It’s one of my earliest memories of being away from home. Rene, my maternal grandmother, was ecstatic to be in possession of a grandchild for the first time. I was the first of the grandkids, though from reports of my cousins, she was as good to each of us in our time. Some folks are simply best with babies and kids.
Her bed sat in the center of her room, which struck me as odd, coming from a home where beds sat in corners. Corners were good. Monsters could not get behind you if there was a wall in the way.
Rene knew every monster. Her mother came from Europe, which is where all the monsters came from. Well, they lived in Europe and Russia, but, “you’ll understand the difference when you’re older.”
Not only did she know about giants, but she knew how the mean ones had died. Huddled under her blankets, with an old hand stroking my shoulder, she explained how Jack had tricked one into falling off his cloud.
Mom and Dad had never told me that one. I asked if she knew any others. When she mentioned a candy house in the woods, I got a little less sleepy.
After Hansel and Gretel baked the evil witch, I said the woods were scary. She said they were fine, and told me about Little Red Riding Hood, the Boy Who Cried Wolf, and the Three Little Pigs. You see, the woods and wolves weren’t so scary. The bad ones had been taken care of.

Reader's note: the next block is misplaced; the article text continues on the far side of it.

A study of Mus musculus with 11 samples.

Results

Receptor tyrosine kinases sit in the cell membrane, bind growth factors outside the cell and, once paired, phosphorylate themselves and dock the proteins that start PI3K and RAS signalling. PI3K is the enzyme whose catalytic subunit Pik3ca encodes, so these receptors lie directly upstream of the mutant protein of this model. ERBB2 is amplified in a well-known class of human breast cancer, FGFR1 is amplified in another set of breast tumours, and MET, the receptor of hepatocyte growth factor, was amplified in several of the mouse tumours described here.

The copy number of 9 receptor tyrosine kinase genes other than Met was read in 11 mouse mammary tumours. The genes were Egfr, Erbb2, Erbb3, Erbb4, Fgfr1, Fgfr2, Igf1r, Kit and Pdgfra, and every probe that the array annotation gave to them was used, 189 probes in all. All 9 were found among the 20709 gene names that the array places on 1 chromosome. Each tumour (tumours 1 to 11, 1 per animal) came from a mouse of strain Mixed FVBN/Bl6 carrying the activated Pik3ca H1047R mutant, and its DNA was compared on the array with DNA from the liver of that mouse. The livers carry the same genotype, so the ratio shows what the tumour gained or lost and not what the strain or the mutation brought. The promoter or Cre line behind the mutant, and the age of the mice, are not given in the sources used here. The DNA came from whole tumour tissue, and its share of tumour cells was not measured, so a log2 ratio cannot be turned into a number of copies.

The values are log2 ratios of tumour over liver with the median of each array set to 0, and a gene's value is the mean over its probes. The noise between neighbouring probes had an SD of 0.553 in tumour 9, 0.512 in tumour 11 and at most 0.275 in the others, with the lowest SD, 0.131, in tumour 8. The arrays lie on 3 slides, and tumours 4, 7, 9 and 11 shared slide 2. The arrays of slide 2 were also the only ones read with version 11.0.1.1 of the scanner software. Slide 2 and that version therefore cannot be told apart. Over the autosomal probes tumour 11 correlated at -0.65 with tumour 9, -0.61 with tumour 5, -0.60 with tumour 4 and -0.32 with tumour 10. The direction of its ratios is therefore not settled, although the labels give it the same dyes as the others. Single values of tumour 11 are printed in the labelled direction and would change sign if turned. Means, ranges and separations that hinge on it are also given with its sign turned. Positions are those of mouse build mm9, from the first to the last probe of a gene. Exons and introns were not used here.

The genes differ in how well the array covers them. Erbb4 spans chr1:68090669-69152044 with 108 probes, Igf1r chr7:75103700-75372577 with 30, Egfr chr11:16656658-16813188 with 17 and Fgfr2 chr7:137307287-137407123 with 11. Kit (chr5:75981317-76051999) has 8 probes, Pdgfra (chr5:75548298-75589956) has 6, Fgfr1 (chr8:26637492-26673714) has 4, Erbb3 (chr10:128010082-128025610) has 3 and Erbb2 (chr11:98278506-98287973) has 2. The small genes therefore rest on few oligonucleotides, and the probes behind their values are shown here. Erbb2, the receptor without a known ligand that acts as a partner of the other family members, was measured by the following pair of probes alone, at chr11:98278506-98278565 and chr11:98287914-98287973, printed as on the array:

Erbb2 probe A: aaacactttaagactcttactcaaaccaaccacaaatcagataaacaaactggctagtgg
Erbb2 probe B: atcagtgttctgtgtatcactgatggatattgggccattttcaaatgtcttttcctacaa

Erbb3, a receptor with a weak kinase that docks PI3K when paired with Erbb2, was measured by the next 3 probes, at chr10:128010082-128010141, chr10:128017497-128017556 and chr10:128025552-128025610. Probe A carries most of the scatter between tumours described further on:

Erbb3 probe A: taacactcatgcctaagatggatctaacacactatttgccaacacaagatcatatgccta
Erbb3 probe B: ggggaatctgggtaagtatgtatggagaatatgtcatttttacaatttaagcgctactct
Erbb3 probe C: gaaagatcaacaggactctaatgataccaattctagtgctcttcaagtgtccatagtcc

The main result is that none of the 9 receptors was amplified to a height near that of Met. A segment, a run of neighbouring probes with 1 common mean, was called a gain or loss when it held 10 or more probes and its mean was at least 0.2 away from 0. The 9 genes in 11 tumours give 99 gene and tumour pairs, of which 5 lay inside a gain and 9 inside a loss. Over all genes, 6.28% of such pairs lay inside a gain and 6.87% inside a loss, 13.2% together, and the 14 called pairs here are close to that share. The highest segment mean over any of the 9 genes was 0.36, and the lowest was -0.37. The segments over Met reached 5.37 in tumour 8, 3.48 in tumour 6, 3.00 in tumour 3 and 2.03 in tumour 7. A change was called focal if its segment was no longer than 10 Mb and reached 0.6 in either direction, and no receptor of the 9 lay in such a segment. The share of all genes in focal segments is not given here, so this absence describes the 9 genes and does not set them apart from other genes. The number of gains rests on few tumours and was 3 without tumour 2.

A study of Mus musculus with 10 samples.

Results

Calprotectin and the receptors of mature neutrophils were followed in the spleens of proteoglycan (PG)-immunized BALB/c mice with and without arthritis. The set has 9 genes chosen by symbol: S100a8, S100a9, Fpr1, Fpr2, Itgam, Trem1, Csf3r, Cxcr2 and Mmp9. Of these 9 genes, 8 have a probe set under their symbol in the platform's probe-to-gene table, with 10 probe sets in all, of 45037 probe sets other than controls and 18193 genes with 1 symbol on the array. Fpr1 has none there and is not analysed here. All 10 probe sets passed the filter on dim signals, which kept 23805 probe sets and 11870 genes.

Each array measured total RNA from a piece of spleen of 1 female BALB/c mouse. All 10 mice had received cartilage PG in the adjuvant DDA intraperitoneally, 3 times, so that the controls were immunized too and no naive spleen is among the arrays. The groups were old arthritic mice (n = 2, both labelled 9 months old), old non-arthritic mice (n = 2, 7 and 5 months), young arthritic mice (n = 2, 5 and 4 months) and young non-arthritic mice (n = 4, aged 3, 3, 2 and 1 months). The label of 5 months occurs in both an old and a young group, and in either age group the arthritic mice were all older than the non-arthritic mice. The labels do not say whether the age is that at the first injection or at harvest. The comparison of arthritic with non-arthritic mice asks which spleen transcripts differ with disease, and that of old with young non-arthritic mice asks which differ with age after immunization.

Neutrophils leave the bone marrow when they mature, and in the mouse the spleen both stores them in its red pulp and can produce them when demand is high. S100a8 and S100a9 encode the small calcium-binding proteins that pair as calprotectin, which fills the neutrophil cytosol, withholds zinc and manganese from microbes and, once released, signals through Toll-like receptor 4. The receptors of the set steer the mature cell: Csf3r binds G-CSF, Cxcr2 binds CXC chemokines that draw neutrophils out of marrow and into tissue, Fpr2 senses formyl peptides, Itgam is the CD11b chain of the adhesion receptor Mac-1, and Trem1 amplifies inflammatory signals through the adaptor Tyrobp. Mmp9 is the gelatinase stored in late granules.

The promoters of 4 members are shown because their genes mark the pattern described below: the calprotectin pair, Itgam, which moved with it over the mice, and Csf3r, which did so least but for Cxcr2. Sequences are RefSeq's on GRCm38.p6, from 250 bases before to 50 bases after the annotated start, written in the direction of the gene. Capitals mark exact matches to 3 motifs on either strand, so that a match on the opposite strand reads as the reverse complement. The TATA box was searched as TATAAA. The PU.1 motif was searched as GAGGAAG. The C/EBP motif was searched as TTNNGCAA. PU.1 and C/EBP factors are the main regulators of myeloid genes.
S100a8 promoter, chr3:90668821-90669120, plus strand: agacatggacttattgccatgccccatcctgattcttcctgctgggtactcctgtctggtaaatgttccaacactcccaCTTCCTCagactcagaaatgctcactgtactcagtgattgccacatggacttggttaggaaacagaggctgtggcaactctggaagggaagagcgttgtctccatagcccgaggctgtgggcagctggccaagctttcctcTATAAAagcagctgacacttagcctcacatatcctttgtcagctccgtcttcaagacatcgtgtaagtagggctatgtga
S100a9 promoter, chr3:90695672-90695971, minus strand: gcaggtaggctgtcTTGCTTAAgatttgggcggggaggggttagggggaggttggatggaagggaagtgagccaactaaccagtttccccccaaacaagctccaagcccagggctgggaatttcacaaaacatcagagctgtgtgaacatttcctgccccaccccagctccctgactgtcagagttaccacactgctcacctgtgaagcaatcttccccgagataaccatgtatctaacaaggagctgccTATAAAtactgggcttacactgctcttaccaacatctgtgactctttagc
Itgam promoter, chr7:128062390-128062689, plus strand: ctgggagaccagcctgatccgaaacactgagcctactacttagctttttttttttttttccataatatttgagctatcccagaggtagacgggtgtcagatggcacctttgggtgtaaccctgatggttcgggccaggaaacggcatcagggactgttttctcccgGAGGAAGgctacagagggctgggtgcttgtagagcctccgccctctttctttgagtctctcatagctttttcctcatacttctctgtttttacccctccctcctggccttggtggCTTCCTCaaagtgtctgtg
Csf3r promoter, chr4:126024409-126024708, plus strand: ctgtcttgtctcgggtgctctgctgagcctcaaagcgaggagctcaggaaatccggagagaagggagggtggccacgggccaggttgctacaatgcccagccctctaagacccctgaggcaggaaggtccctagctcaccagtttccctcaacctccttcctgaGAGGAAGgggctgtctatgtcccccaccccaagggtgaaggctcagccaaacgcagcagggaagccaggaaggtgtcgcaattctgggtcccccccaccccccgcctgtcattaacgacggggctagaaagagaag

She was incredible. How was she making all of these stories up so quickly? I couldn’t even manufacture an explanation for cookies missing in the kitchen. And she was good at it, both at making up neat things and in telling them in this soothing, loving voice, like she adored all the carnivores of folklore. She was surprised when the heroes were surprised, and proud when they survived or were victorious. I couldn’t figure out if these things really happened, or if she was making them up now. And in truth to the way children experience faith, I didn’t care either. I just wanted more stories from this endless mind.
I’d never manipulated an adult like this, or so I recall. Every time she finished a story, I only had to ask her to tell me another. This being her first shot with her first grandson, she never said ‘No.’ Somewhere around Cinderella meeting her Fairy Godmother, I faded out.
I was disappointed the next morning to find her more interested in the newspaper than telling more fairy tales. Even more disappointed with discovering what a “grape nuts” was. But those things were trivial. The old lady with an entire culture in her head and at her command has stuck with me for the archetype of the storyteller.